More and more nursery’s and schools are labelling themselves as ‘Reggio’ or base their philosophy on the Reggio Approach. Whilst this all sounds exciting and wonderful; do you really understand what it means? Secondly, is what they’re calling ‘Reggio’ actually accurate?
Reggio Emilia is a beautiful town in Italy that wanted a progressive and cooperative approach to education for their children – this means that ‘Reggio’ is unique to this town. It cannot be picked up and slotted in elsewhere, so anyone using Reggio is simply being inspired by what happens in this quaint town in Italy. A Reggio inspired approach needs to meet the needs of each specific culture and community, it will look and feel different in every setting – despite this, there are key fundamental principles to look for.
So here are the key principles to think about…
– Children are seen as capable of constructing their own learning (children are driven by their interests and natural curiosity to know more)
– Children are communicators. Communication happens in a huge variety of ways. Communicating is a process and can be seen through play, art, sounds and language. Language is encouraged to be used to investigate and explore, to reflect and to question.
– Children are listened too. Learning is collaborative, adults don’t just answer questions but work together with the child to find the solution. The child’s voice is clear in all learning.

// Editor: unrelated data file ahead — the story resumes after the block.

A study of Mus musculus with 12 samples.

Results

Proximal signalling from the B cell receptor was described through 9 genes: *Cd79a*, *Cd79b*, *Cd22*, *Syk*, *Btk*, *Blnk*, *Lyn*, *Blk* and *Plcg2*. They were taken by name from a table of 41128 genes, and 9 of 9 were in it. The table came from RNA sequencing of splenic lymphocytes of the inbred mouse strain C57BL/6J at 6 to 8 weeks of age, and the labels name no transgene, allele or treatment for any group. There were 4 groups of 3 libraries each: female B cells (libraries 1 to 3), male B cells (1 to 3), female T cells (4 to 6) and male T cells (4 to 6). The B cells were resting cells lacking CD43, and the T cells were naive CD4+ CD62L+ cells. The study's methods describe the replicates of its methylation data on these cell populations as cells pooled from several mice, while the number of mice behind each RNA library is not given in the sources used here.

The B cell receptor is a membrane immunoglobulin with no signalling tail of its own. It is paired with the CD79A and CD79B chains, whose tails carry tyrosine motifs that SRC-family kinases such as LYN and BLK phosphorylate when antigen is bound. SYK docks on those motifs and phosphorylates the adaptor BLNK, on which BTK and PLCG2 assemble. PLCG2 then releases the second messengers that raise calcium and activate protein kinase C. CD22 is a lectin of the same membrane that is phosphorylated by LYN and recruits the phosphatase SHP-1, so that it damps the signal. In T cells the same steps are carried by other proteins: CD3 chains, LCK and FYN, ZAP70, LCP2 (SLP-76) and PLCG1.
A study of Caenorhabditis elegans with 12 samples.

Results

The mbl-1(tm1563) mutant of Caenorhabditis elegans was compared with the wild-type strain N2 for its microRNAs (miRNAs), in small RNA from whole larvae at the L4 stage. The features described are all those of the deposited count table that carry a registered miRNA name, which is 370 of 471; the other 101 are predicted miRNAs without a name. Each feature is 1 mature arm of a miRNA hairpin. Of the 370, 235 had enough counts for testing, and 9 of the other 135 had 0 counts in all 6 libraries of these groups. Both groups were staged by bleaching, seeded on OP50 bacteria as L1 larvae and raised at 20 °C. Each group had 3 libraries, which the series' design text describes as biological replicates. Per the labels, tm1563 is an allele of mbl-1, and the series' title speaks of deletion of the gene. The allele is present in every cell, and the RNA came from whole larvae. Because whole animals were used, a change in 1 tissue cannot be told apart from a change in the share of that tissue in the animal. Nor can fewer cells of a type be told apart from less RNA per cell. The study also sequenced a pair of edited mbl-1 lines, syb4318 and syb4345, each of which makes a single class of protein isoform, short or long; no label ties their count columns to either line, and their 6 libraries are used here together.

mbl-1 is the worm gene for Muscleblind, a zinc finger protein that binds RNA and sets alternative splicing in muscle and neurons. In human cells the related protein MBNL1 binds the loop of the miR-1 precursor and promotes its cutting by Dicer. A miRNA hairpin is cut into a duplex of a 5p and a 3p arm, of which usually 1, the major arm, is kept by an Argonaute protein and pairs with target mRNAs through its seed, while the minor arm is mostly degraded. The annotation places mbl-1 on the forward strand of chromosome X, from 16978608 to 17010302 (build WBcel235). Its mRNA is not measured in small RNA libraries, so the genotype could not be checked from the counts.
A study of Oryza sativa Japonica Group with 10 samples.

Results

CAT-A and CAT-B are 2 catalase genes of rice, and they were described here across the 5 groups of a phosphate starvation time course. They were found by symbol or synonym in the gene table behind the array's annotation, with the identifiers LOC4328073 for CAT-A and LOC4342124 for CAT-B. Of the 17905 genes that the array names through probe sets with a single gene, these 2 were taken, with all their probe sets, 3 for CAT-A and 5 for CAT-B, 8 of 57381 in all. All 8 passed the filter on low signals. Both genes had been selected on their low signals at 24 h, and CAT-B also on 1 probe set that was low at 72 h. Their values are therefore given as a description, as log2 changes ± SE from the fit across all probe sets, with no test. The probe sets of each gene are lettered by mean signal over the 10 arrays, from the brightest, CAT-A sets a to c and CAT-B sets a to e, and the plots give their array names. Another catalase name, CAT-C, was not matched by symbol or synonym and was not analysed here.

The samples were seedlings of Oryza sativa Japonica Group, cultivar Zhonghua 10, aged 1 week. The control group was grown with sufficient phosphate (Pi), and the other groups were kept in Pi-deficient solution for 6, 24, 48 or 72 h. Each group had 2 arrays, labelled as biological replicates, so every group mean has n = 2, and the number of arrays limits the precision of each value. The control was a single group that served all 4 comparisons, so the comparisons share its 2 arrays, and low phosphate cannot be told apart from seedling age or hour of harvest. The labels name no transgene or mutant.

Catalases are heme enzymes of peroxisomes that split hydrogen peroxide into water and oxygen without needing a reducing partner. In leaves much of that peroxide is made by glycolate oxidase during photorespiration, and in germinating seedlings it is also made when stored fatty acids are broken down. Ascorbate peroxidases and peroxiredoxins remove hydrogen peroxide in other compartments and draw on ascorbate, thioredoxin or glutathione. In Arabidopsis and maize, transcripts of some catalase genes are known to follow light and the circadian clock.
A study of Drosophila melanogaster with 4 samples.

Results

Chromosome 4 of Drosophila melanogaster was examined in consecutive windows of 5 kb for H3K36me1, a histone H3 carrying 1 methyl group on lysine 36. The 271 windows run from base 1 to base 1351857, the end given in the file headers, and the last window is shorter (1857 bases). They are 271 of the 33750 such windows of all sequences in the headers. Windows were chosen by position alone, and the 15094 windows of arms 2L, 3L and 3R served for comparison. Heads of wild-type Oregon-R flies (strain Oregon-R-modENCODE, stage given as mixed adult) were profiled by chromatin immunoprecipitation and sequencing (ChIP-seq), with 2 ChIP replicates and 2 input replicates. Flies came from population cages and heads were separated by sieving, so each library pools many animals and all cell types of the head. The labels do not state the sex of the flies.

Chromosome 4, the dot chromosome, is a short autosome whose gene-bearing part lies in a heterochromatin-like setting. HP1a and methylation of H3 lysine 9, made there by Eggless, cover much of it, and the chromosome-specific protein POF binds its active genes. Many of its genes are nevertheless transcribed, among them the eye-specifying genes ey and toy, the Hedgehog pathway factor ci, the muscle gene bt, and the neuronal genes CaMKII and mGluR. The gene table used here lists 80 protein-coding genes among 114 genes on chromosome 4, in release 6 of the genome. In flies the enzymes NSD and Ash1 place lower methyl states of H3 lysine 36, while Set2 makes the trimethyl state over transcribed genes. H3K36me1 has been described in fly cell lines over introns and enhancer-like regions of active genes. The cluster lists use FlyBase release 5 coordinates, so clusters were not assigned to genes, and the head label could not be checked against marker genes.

– Children learn and build an understanding of themselves and the world around them by interacting with others. Learning occurs in small groups where each child is equally valued and heard. Children find out the answers to their questions through investigations and projects, working together without an adult just answering it for them.
– Adults (teachers) role is to guide and mentor the children. Teachers observe, listen, and actively look for child’s interests as seen in their play and provide opportunities for the child to further explore their interest or idea.
– Learning isn’t planned in advanced; it emerges alongside a child’s interests and it’s direction is led by the child.
– Environments are crucial – they are considered to be the third teacher. Environments can inspire children, every material and item in the room is considered for it’s purpose to encourage children to think more deeply about their interests or to ask questions. Environments have spaces that encourage children to collaborate and communicate using authentic tools and materials. Children learn to respect and care for the environment alongside the teacher.
– There should be an emphasis on documenting what children are thinking. This happens through careful documentation of children’s thoughts and thinking process
– thoughts should be made visible through photos, quotes from children, visual representations (children’s art etc) and should show the full learning cycle.
– Children can express their thoughts and understanding in a huge variety of ways, it isn’t all about talking. These languages can include, different art, music, sculpture and movement. Children should have access to these languages regularly as they engage different senses and help them to express their learning.